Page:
THEATRE REVIEW: ‘Dancing at Lughnasa’ at The Old Vic

dancing at lughnasa x650By Ray Bennett

LONDON – Kevin Spacey’s Old Vic is back on form with a sumptuous revival of what has become an Irish classic.

Presented in the round beneath the branches of a vast dying tree, Brian Friel’s “Dancing at Lughnasa” reminisces about five women in Ireland in 1936 with the richness of their dreams and passions being swamped by poverty, religion and tradition.

Friel’s play demonstrates the power of evocative words and phrases to turn mundane stories into something hypnotic and memorable, and he is helped enormously by a splendid cast.

Director Anna Mackmin ensures that the action is staged so that no one in the audience misses anything, and Peter McDonald, as the narrator Michael, addresses everyone expertly.

The tale he relates involves five sisters whose lives are governed by the strict eldest one, played with stern assurance by Michelle Fairley, who sees that the younger ones keep their demeanor proper and their demons under control. Andrea Corr, from the Irish singing group the Corrs, makes her dramatic debut as the youngest sister, Chris, who has the love child Michael fathered by a charming wandering dreamer played stylishly by Jo Stone-Fewings. Corr’s slight build adds to her character’s vulnerability, and she captures her wistful hopefulness with delicacy.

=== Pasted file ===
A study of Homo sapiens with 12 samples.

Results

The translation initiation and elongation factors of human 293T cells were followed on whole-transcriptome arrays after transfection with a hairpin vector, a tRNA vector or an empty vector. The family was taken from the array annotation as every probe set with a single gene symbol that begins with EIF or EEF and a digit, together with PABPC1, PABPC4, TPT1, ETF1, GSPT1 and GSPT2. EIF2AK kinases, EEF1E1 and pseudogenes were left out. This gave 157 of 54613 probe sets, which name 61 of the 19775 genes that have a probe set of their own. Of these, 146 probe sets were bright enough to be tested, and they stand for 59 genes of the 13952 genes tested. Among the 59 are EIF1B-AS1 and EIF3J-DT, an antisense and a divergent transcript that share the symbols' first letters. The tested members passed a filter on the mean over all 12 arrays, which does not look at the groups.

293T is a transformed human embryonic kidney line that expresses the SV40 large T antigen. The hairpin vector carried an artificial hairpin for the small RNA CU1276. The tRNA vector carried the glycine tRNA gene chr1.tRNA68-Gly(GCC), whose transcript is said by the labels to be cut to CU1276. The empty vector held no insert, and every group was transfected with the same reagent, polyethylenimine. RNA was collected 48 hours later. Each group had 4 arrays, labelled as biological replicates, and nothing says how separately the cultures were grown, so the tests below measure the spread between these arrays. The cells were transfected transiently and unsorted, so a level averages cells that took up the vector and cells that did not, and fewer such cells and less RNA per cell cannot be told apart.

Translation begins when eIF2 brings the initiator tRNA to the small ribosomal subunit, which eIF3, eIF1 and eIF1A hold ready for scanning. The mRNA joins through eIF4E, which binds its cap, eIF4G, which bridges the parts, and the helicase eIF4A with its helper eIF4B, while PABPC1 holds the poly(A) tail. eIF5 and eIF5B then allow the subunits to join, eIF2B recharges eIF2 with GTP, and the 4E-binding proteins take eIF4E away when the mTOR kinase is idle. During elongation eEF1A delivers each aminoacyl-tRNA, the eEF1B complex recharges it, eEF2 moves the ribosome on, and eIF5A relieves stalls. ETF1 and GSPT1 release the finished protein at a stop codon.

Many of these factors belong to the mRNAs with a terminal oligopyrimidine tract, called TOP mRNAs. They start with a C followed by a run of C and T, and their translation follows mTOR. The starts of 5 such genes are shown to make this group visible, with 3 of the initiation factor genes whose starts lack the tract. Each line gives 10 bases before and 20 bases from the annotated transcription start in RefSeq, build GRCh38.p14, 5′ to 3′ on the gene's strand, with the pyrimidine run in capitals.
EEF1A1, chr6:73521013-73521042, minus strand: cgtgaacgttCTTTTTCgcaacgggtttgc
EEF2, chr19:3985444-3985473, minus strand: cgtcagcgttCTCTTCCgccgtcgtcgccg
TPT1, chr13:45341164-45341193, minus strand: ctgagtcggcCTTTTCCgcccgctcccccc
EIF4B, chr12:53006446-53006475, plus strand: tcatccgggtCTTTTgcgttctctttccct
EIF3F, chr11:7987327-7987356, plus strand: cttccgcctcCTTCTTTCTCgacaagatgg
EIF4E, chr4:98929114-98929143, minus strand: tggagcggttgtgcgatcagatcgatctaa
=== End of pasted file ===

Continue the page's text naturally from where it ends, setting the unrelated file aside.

The other sisters, played with conviction by Niamh Cusack, Simone Kirby and Susan Lynch, are made similarly individual, especially in the famous dance sequence that becomes a joyous expression of heightened excitement in the face of gloom.

Finbar Lynch plays the older brother who left for Africa as a missionary priest but has returned with an addled preference for native mysticism and things pagan.

Briel’s writing is marked by wonderful passages that evoke the binds that tie the sisters together and the temptations that threaten to separate them forever. Using the narrator to tell what happens to them in the future adds a wonderful pathos to their simple aspirations.

Although firmly set in a specific period in Ireland, with all of that country’s attendant conflicts, the play addresses the fate of women anywhere at any time. In the hands of such an accomplished cast, it’s a powerfully moving and universal story.

Venue: The Old Vic, London, runs through May 9; Cast: Andrea Corr, Niamh Cusack, Michelle Fairley, Simone Kirby, Finbar Lynch, Susan Lynch, Peter McDonald, Jo Stone-Fewings; Playwright: Brian Friel; Director: Anna Mackmin; Designer: Lez Brotherston; Lighting designer: Paule Constable; Choreographer: Scatlett Mackmin; Sound designer: Gareth Fry.

This review appeared in The Hollywood Reporter.